Story image

Chatbots and AI are the future of your job

Talking to a chatbot, working with an intelligent assistant and augmenting your role with various other artificial intelligence (AI) systems will become standard components of your job as the implementation of automation continues to ramp up, says recruiting experts Hays.

Intelligent assistants are already used in our personal lives, and organisations are now exploring how they can take advantage of these technologies in the workplace.

But while they can streamline many processes, such technologies also bring challenges, according to Hays in its recent Hays Journal.

Jason Walker, Hays New Zealand managing director says, “Many of us think nothing of speaking into a device and asking it to add an item to a shopping list or play a song we can’t remember the title of.

“We understand that when companies use Facebook Messenger or Twitter to communicate with us, we’re really ‘talking’ to a chatbot, not a human being.”

“Now AI is set to make a big impact in the world of work.”

AI is already growing in use across some sectors: 38% of 10,400 respondents from 140 countries surveyed for 2017 Deloitte Human Capital Trends research said they are already using AI in their workplace, and 62% expect to do so by 2018.

A third of employees surveyed said they think their jobs will be augmented by AI in the future.

The challenge for employees, says Jason, is that many will need to upskill in digital literacy, while for organisations the cost of implementing such systems is high.

Hays highlights the initial changes to expect:

Automation of repetitive tasks

Repetitive task-based work can soon be expected to become automated, freeing up valuable time and allowing workers to concentrate on other areas of their role.

Automated self-service

Machine learning chatbots that recognise speech and text-based conversation will be used to respond to HR queries from workers.

Intelligent assistants

Intelligent assistants could help to process large amounts of data to provide businesses with information, allowing workers to make better-informed decisions.

Learning and development

Algorithms could identify an employee’s area of learning and where their skills could be strengthened.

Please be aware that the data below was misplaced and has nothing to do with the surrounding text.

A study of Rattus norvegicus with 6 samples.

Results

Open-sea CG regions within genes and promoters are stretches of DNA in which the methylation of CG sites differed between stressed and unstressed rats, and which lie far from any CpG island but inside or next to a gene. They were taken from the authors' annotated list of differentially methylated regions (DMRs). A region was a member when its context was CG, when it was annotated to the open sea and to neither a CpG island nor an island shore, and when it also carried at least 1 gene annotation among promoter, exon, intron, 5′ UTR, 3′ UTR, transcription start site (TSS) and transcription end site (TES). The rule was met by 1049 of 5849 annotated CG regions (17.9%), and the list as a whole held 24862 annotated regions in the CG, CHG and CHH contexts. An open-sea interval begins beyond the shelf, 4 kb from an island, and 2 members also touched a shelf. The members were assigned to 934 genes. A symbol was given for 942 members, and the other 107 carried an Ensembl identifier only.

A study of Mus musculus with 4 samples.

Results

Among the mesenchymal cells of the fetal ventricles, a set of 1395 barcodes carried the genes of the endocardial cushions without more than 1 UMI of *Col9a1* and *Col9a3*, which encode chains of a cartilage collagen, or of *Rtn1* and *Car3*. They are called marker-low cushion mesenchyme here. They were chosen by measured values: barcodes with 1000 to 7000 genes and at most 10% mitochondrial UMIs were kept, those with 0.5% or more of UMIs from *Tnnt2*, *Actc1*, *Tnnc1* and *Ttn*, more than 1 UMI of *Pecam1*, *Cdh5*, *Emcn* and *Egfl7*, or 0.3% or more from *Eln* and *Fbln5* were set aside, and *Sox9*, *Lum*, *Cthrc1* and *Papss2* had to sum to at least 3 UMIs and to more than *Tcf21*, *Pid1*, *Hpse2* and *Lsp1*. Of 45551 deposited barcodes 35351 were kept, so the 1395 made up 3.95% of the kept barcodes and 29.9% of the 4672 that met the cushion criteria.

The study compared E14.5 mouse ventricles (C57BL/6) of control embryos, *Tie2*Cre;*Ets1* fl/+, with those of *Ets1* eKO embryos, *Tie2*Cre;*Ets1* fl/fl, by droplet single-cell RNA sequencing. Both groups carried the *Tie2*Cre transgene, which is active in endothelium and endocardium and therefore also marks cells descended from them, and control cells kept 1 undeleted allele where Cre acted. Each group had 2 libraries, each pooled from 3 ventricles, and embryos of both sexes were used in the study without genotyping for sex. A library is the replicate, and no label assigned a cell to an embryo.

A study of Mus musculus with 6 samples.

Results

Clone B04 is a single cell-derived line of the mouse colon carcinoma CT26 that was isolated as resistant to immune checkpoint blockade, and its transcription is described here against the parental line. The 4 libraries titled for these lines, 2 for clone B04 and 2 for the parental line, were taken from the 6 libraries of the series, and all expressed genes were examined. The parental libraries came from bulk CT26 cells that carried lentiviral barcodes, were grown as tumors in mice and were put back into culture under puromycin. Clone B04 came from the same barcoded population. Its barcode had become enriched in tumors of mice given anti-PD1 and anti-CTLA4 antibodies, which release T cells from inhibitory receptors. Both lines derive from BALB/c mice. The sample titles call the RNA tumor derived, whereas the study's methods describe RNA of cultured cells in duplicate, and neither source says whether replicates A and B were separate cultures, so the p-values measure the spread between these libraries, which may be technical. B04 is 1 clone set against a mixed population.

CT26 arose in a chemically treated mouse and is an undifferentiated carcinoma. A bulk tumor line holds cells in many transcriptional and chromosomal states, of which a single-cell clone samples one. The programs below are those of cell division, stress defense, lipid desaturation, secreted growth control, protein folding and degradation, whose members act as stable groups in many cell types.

Identify passive job seekers

Machine learning also has the potential to detect passive candidates by means of their online behaviour.

Walker continues, “Chatbots and the use of AI for internal communication is definitely on the rise and, apart from the automation of repetitive tasks, this is where we expect people to see the greatest initial impact of AI systems in their daily jobs.

“HR and payroll are obvious areas where we can expect this technology to be implemented initially.”

Royole's FlexPai: So bendable phablets are a reality now
A US-based firm called Royole is delivering on that age-old problem of not being able to fold up your devices (who hasn't ever wished they could fold their phone up...)
Hands-on review: Having fun in Knowledge is Power: Decades and Chimparty
They don’t revolutionise social video gaming, but they are enjoyable enough to occupy you during a wet weekend. 
Kiwis losing $24.7mil to scam calls every year
The losses are almost five times higher compared to the same period last year, from reported losses alone.
Tile's Mate & Pro Bluetooth trackers land in NZ
If your car keys (or your tablet) have disappeared into the void at the back of the couch or if you left them somewhere in your car, retracing your steps to find them could be a thing of the past.
Government still stuck in the past? Not on GovTech's watch
What exactly is GovTech and what’s been happening in our capital city?
"Is this for real?" The reality of fraud against New Zealanders
Is this for real? More often than not these days it can be hard to tell, and it’s okay to be a bit suspicious, especially when it comes to fraud.
Hands-on review: The iPhone Xs
The iPhone Xs is a win that brought numerous new and exciting features to the market.
How much does your Amazon Prime Video subscription really get you?
For our NZ$8.90 per month, the average cost per title is US$0.00126 - but we only really get a choice of 416 TV shows and 4321 movies. Choice is a little bit limited compared to other countries.